December 27, 2021

It started, as the weather folks predicted, on Christmas Eve. 

I was just about to head out to hand deliver my last Christmas cards, but a short drive before that to the post boxes convinced me I was better off staying indoors.

Oh, the weather outside is frightful, but the fire is so delightful.

No surprise shortly afterwards that the friend who was supposed to be coming for dinner contacted me to say he was going nowhere. So, instead of Scott, I shared Christmas Eve dinner with Michael Connelly.

A short aside here. The salad is one I like to make this time of year: rocket with satsuma, Stilton and avocado. There is no Stilton in this salad. I had to settle for Shropshire Blue as the closest I could get in texture and taste. When I asked the bloke in the deli, after my third unsuccessful visit in search of Stilton (he’s always had it before), he told me that post-Brexit there was no Stilton to be had for love nor money. What, I wondered, was that about? Then this morning I spotted this article in the Guardian. Apparently Brexit (“biggest disaster that any government has ever negotiated in the history of trade negotiations”) has been a total clusterfuck for cheese makers in the UK. It seems the Canadian government slaps a 244% tariff on all cheese consignments. No wonder there’s no Stilton to be had. Yet another reason to hate the fuckwit in Number 10.

After dinner it was, of course, time for Die Hard, followed by Alastair Sim. After that, off to bed with Connelly.

When Scott first invited me, along with other friends, to his home for Christmas dinner I declined for the same reason I declined Christmas dinner at another friend’s house last year. Not to put too fine a point on it, but I like to drink on Christmas Day. Buck’s Fizz in the morning, Frangelico cappuccino and regular top ups. This is not possible if I have to drive somewhere. Fortunately my friend Jean, who’s just moved to the same part of the island as me, offered to be the designated driver. 

To thank her for assuming this role, I invited her over for Christmas brunch: poached eggs with hollandaise sauce on crab cakes with rocket and slices of blood orange and Buck’s Fizz made, as a concession, with alcohol free sparkling wine. (She did suggest the meal looked so good I should take a photo of it, but meal photos are for writers only.)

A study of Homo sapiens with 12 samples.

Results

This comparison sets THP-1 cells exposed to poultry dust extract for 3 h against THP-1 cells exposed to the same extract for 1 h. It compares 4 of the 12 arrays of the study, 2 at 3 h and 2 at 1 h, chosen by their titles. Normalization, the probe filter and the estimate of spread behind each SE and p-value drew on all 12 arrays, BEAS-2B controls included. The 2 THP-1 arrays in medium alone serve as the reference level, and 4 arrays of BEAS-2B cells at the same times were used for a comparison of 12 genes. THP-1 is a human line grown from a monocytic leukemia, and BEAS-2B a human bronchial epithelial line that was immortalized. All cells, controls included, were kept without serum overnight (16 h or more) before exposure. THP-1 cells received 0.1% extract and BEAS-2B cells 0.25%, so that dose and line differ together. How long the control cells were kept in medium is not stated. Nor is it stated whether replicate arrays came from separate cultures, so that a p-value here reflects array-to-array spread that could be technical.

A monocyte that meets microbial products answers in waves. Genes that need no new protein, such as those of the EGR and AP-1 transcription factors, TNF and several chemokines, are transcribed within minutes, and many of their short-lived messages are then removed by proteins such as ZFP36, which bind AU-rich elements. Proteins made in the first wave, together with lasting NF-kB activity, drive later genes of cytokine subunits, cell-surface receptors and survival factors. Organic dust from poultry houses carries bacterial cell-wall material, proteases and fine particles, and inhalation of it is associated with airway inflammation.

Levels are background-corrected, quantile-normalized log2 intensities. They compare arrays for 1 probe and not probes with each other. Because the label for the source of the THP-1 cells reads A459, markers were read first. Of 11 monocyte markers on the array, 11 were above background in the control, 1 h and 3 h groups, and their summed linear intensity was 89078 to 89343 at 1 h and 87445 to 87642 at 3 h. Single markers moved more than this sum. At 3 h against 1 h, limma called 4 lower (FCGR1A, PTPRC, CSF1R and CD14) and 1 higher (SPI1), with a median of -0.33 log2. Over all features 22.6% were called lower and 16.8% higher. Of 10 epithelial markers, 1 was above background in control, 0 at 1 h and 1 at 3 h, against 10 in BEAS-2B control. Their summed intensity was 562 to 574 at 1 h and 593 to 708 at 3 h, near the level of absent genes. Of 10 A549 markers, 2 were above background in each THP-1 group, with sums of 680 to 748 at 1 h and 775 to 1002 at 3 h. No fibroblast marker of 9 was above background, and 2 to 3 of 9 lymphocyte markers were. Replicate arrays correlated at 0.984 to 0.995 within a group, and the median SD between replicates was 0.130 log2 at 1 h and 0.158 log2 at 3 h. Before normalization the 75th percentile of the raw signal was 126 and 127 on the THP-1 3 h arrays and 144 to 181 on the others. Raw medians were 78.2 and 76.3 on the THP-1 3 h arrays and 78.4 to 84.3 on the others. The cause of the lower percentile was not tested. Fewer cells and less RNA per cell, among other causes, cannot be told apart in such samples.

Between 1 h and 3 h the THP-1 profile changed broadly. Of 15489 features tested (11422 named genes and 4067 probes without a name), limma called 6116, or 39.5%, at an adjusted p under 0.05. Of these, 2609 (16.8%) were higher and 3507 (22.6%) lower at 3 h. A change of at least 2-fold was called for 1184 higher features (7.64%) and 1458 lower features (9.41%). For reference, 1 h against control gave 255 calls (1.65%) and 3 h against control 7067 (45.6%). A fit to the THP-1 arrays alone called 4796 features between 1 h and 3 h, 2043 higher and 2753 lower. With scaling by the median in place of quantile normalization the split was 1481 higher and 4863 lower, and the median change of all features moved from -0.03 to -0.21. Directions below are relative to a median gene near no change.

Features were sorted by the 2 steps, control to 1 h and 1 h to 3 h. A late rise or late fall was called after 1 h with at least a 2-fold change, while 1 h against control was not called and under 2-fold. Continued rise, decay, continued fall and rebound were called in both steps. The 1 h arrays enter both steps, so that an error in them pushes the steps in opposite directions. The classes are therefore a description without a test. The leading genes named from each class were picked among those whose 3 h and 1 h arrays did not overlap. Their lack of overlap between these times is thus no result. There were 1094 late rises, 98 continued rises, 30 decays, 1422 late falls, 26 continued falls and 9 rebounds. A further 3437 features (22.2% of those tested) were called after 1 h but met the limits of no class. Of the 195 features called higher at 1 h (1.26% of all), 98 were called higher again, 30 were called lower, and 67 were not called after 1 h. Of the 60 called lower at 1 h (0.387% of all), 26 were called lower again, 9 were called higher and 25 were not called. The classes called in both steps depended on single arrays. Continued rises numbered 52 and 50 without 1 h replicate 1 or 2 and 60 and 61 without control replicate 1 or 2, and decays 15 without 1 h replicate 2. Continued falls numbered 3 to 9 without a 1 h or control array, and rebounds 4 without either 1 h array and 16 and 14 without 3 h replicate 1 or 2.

So, Christmas dinner at Scott’s – hopefully. It was, after all, still snowing. Would the roads actually be ploughed on Christmas Day? What if they weren’t? It was a movable feast. Or, more accurately, a feast converging from multiple directions. David was in charge of the turkey. I was doing the roast potatoes. Everyone was bringing something. What if we were all stuck at home? Well, I did have some bangers in the freezer. I supposed I could have bangers and a lot of roast potatoes for dinner. Worse yet, what if the power went out? Every time it starts snowing heavily we brace ourselves. In terms of island living, snow = power outages.

Apparently the spirit of Christmas present was on our side. The roads were ploughed, the power stayed on and a jolly time was had by all. 

At the end of the meal a plan was made to meet up at David’s for dim sum the next day. But it was still snowing. Looking out the window on Boxing Day morning everyone agreed they were going nowhere. 

It’s so cold it takes most of the day for the woodstove to properly heat the house and no time at all for the nectar in the hummingbird feeders to freeze.

Poor things. Apparently in the winter they can place themselves in a sort of suspended animation (called “torpor”). I hope they’ll be okay.

So, how much snow?

A good foot of snow. (Sorry, can’t do metric for guesstimates.)

I think one of the following might be my Christmas card next year.

Which one do you think I should use?

This is the car.

It’s going nowhere until the snow melts. I had a mild panic attack just driving back from the post boxes on Christmas Eve, thanks to the asshole who sent me spiralling off the road in a blizzard five years ago. And that was before we got to a foot of snow. I have a woodstove, food in the fridge and freezer and a generator.

Anyone who wants to see me will just have to come here. Otherwise, I’ll see you after the melt.